By Jeanne Bourne-Tatsiona / April 28, 2003



Living long-term in a foreign country requires give and take. Some things are easier to take than others, however. The inquisitiveness of Greeks ranks high on the Top 10 list of complaints by foreign residents here.


When I was first learning Greek, however, I found all the questions great language practice. Once while waiting for a take-out pizza, the cashier asked me everything from what my father did for a living to how much rent I paid to what I thought of Greek men. Taxi drivers were especially talkative and constantly asked personal questions. They never hesitated to give advice, either. I remember one driver asked me if I was married. I replied that I was thinking about it. He said, "Don't think too much or you'll never do it."

Sometimes, though, it seems there are no personal boundaries - nothing is too private to ask. One lady I bumped into at the supermarket asked me, "What are those red spots on your face?" I won't even mention how many times I've been asked how much I earn.

When I moved from Athens to Arta, my husband's small hometown in western Greece, the inquisitiveness was even more intense. I was one of only a few foreigners living here, so curiosity about me was understandable, but sometimes annoying. By then, my Greek was quite good, so I didn't care for the language practice anymore. I began to find polite ways to avoid answering.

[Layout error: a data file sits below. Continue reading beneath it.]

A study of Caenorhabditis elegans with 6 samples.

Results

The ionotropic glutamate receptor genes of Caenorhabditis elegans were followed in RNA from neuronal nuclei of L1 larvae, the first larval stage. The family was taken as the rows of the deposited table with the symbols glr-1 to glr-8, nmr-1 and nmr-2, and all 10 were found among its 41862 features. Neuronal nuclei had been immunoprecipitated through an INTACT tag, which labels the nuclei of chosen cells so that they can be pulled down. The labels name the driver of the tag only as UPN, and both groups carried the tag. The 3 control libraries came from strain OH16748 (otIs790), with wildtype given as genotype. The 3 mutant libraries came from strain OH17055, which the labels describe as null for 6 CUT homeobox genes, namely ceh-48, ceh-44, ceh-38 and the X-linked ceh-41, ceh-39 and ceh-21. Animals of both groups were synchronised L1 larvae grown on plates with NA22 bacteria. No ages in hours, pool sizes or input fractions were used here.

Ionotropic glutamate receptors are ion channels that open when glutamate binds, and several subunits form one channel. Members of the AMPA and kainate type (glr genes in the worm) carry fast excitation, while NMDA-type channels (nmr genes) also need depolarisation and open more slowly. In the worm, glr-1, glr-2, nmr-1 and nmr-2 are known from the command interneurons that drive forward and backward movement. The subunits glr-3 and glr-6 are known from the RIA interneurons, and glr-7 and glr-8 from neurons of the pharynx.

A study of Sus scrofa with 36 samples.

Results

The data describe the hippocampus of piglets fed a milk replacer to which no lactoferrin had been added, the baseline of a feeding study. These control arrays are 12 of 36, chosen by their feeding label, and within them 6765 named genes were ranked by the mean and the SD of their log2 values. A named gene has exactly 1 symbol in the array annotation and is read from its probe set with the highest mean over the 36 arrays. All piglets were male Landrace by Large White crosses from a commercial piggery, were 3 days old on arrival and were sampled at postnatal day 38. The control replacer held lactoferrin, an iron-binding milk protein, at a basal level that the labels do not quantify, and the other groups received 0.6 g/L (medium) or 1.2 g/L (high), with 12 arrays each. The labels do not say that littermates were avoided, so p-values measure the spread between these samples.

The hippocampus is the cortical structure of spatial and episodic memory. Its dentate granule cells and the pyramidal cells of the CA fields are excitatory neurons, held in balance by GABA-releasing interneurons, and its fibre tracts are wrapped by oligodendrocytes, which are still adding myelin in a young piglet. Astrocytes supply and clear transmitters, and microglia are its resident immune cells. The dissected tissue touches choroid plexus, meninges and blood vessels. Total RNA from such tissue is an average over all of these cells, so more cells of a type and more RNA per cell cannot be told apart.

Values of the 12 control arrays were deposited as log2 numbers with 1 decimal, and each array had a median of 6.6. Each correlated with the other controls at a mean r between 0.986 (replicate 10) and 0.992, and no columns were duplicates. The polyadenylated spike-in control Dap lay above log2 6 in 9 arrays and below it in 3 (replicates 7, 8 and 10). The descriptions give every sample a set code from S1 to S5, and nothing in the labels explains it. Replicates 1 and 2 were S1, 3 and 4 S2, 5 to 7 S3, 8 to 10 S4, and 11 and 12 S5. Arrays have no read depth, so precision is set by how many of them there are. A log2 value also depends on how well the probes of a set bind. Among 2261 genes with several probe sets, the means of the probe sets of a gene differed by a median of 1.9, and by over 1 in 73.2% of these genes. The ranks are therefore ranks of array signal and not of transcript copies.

One neighbor man always used to ask, "Where are you going?" every time he saw me. I discovered that if I smiled and answered, "Kalimera!" (Good morning!) he wouldn't continue the questioning.

I also found the neighbors' desire for details exasperating. If the postman brought a package, they would ask what was in it and who had sent it. If I came home from shopping, they would ask what I had bought. And every day, without fail, at least one person would ask, "What are you having for lunch today?"

Especially annoying to me was their habit of asking the price of anything and everything. No matter what I bought - from a pair of shoes or a handbag to a rug or an armchair, the first comment would inevitably be "How much did it cost?"

As the years have passed, I've grown accustomed to close contact with the neighbors. I have even grown to like the over-the-fence conversations I now have regularly. When I recently visited an English friend who had just moved into the neighborhood, her landlady started asking me the usual questions. Afterward, my friend apologized for my having to go through the third degree. The thought finally occurred to me (after 15 years in Greece) that the landlady actually cared. She really wanted to know about the people living in her apartment house and neighborhood. Her interest wasn't prying, but a genuine desire to know us.

When you look at it that way, belonging to an interested and caring community is No. 1 on the list of reasons to stay in Greece.